Turbo REA & SREA

The VNT (Variable Nozzle Turbine) turbocharger is designed to match the size of the turbine to suit the maximum rated power of the engine, without compromising on low speed response.

Latest VNT models use full electronic control of the vanes for:

  • Rapid response
  • Accuracy
  • Feedback to the vehicle’s ECU

REA/SREA malfunction

Movement of the vanes is controlled by the REA (Rotary Electronic Actuator) or SREA (Simple Rotary Electronic Actuator). Failure (or apparent failure) of the actuator is indicated by:

  • ECU Error Symptoms control
  • Low Boost
  • High Boost
  • Noise

What should you do if you suspect a fault in the REA or SREA?

1. Ask the customer to fully describe the problem, including the exact conditions when the failure occurred:

  • What was the engine speed and load – was the driver accelerating or braking?
  • Was the engine hot – how long since it was previously started?
  • Was there any electrical equipment being operated at the time, e.g. electric windows?
  • At the time of the suspected turbo problem, were there any other electrical component failures?

2. Check the vehicle service history for past problems, previously recorded ECU error codes and replaced engine components, particularly concerning the EGR valve(s).

3. Check the vehicle records to see if the battery or alternator has been changed, or if the voltage has ever dropped low enough to prevent the engine cranking. Check the voltage now; if it is correct, the actuator should reset itself.

4. Plug in the diagnostics for the vehicle engine control unit (ECU) and record all failure codes, and their frequency.

5. With the engine immobilised and cold, check if you can see or feel the linkage between the REA/SREA and the turbo. If it’s accessible, check it’s not detached at either end.

Test the linkage to check that there’s a small amount of play at each end. If there is not any play, check for corrosion at each end of the linkage; this may be restricting movement.

Remove and check that the vane assembly operating lever is free. If the linkage is tight, move the crank assembly by hand a few times. If it frees up, reconnect the linkage and test again. If the crank assembly is very tight or won’t move at all, contact BTN Turbo for further advice. Do not apply leverage as this may cause further damage. The turbo will need to be removed to diagnose the reason for restricted vane movement.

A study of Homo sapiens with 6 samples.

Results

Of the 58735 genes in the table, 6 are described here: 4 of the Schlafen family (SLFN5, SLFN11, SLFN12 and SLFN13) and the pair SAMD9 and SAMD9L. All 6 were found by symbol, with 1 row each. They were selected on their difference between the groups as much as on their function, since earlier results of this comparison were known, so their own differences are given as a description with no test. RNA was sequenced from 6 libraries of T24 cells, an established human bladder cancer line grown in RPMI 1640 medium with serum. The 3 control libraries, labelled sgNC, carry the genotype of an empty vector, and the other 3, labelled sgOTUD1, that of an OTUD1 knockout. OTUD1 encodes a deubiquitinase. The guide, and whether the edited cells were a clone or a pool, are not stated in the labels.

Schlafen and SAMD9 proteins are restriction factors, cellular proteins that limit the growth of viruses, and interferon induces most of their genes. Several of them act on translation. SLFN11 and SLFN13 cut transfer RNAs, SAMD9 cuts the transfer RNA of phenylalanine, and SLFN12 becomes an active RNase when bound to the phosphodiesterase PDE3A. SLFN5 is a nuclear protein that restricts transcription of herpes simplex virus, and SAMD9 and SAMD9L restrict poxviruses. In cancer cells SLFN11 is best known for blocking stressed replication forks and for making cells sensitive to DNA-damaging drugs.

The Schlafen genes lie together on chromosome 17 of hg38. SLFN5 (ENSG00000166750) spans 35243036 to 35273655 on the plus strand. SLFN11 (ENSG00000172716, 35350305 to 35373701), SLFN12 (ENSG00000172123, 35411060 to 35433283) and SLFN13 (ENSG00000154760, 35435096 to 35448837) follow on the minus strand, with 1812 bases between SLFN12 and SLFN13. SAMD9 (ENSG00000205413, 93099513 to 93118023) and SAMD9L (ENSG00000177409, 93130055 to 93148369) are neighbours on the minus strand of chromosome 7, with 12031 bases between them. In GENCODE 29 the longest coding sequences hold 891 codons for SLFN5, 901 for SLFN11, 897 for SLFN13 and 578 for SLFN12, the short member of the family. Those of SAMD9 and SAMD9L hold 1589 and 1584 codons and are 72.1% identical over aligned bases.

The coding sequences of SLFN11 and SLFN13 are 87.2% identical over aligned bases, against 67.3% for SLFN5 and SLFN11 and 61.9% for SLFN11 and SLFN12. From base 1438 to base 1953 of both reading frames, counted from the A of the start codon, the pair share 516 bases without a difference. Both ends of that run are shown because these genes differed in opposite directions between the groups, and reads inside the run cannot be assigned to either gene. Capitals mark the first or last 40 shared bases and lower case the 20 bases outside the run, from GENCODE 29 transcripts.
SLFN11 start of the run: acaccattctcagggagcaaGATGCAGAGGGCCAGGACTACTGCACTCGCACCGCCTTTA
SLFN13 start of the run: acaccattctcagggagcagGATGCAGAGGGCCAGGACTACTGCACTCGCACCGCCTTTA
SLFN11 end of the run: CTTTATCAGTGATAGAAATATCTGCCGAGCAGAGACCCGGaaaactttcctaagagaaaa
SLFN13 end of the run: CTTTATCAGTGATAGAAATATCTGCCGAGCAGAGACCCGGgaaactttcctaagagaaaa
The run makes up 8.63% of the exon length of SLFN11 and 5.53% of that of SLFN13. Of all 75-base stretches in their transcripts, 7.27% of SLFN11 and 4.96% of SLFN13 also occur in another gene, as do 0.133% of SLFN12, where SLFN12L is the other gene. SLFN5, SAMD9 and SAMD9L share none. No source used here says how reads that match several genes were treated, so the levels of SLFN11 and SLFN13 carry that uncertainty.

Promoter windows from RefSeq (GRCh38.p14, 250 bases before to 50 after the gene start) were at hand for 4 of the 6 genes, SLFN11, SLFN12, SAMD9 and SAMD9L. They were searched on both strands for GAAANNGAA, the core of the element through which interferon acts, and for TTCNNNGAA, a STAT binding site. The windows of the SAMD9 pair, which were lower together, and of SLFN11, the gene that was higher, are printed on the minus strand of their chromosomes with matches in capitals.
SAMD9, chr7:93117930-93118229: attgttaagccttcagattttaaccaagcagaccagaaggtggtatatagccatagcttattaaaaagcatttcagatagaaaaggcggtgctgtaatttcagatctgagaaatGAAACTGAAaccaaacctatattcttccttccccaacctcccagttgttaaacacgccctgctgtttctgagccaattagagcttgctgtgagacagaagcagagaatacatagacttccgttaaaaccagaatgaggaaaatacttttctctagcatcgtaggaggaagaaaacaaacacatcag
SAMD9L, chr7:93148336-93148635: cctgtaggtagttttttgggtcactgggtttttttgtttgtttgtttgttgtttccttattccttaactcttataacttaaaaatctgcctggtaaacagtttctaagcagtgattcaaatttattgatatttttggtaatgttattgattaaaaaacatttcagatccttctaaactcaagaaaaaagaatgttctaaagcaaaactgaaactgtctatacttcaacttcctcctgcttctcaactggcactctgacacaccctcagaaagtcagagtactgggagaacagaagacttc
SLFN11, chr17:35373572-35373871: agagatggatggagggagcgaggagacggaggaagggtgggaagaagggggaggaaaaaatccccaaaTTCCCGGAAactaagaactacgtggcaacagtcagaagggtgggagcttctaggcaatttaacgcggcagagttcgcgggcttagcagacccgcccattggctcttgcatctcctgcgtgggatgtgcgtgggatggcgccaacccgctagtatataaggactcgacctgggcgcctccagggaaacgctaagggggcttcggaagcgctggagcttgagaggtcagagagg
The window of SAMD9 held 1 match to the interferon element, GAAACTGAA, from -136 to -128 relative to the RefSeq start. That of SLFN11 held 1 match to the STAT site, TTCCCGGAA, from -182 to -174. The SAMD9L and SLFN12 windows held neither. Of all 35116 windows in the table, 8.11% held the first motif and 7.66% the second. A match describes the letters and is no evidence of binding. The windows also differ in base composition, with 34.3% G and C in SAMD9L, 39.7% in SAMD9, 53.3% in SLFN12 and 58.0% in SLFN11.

6. Check the REA/SREA electrical connector is firmly located. Press both end tabs, pull it off and check for damage. Check for water or staining below the connector seal and in the REA/SREA connector well.

Check the REA/SREA connector walls for damage or cracks. While the plug is disconnected, inspect all the individual wires on the vehicle wiring loom for damage or breaks. Reconnect, ensuring the location tabs click into place securely.

 

 

Location tabs: squeeze inwards to remove connector.

 

 

Gently pull on each harness wire in turn to check it’s firmly located within the connector. Check each wire is sealed as it enters the connector; if there are less than five wires, the unused positions should be fitted with a sealing plug.

 

 

Waterproof seals around the wires.

 

 

7. Switch on the ignition without cranking the engine and check the warning lights status, including the glow plug if applicable. You should see or hear the REA move to the minimum vane open position.

Start the engine and watch or listen again for the REA movement. Check again if any warning lights are on, indicating a possible electrical fault.

Switch the ignition off. The REA should move rapidly to the open vanes position, often with a high-pitched noise. On some applications, the REA may do this two or three times during the shutdown cycle after the engine has stopped. This is to clean the vane path.

If all tests up to step 7 are passed, stop at this point and diagnose the vehicle systems – it is unlikely there is a fault with the electronic actuator.

Remember:

  • Turbochargers are very reliable: less than 1% of turbos fail due to a manufacturing fault with the turbo itself.
  • 95% of turbo failures are because of problems with oil starvation, oil contamination or foreign object damage.
  • Before you fit a new turbo, find out what caused the first unit to fail or you risk the replacement failing too.